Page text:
From uncovering the experience of Jewish refugees in Hong Kong to searching for clues to improve breast-cancer treatments – U of T undergraduates were recognized for their outstanding research, which required delving deep into archival records and scientific literature.
Six students received U of T Libraries' Undergraduate Research Prize for their innovative and effective search and use of sources in completing course assignments at the second annual prize reception on May 26.
The winners – Angela Hou, Taylor Irvine, Monica Layarda, Imindu Liyanage, Alexandra Southgate and Ryan Sun – were awarded $1,000 each.
They worked with a wide variety of materials including scholarly journals and primary sources found in archives and government documents.
“It is wonderful to see the research students produce from the wealth of information that we have available here at the University of Toronto Libraries,” said U of T Libraries Chief Librarian Larry Alford.
To be considered, students submitted their research, a letter of recommendation from their instructor and a personal statement reflecting on their work. The prize is open to undergraduates of any field of study and from any campus.
The winning papers will be made available to everyone through TSpace, U of T’s open access digital research repository.
“The winners are exceptional examples of the intellectual power and persistence needed to succeed in research,” said Vice-President and Provost Cheryl Regehr, who introduced the event.
“These students accessed a broad range of materials and collaborated with faculty members and librarians here at U of T and throughout the world to investigate their scholarly questions and write up their findings,” she added.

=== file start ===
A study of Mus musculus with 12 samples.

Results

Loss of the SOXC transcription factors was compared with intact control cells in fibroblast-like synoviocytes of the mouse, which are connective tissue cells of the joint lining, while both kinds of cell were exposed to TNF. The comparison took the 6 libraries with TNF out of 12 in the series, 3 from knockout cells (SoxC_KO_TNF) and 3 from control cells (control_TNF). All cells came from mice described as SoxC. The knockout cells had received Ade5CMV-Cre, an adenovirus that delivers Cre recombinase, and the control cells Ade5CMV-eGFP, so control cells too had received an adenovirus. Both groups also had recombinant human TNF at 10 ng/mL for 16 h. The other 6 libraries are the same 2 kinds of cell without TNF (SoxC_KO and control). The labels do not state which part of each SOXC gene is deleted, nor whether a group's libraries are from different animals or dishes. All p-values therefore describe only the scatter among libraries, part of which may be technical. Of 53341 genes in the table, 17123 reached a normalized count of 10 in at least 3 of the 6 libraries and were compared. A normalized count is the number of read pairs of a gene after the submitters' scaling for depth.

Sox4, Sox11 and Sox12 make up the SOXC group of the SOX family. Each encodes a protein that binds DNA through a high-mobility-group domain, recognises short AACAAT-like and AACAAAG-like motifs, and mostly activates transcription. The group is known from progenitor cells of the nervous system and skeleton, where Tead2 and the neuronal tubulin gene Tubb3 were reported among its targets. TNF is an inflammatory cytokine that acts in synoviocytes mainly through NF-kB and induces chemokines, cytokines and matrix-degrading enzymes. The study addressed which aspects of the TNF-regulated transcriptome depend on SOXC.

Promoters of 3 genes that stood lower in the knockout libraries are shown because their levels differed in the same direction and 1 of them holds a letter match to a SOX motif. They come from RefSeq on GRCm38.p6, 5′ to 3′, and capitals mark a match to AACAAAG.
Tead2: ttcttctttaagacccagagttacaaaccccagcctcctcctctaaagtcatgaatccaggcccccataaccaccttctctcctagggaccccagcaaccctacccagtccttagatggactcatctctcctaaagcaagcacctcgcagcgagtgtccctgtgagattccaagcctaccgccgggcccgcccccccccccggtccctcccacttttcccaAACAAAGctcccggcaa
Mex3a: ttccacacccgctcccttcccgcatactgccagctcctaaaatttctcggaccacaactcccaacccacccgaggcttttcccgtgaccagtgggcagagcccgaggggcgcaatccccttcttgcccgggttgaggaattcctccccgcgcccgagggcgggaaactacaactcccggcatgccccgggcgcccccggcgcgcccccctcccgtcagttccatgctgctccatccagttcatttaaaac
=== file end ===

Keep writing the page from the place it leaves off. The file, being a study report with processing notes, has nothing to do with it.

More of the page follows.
“It’s clear to me that U of T undergraduate students are engaging in ground-breaking research – one of the benefits of studying here at our world-class, research-intensive institution.”
Liyanage focused on identifying potential drivers of metastatic breast cancer by observing possible correlations in the existing research literature for a course on human biology research.
“All the work that we do as scientists and as researchers is predicated on the research done before us,” he said. “This wonderful body of knowledge is... scattered literally around the world in every form of database, type of journal and type of article that you can conceive of.”
Layarda, who is in the international relations specialist program, combed through U.S., British and Canadian foreign policy documents, finding a gap in scholarship about Canada’s relationship with Indonesia during the 1960s. Her professor, historian Robert Bothwell from the Faculty of Arts & Science, says her research is unique. She wrote the paper for his capstone foreign policy seminar at Trinity College and said she was grateful for the help of librarians at Trinity’s Graham Library and Robarts Library.
Layarda said she applied the historical training that she received “to fully undertake the task of an historian, to go out to the archives and dig for fresh avenues to write a historical narrative, a story based on the facts that I uncovered.”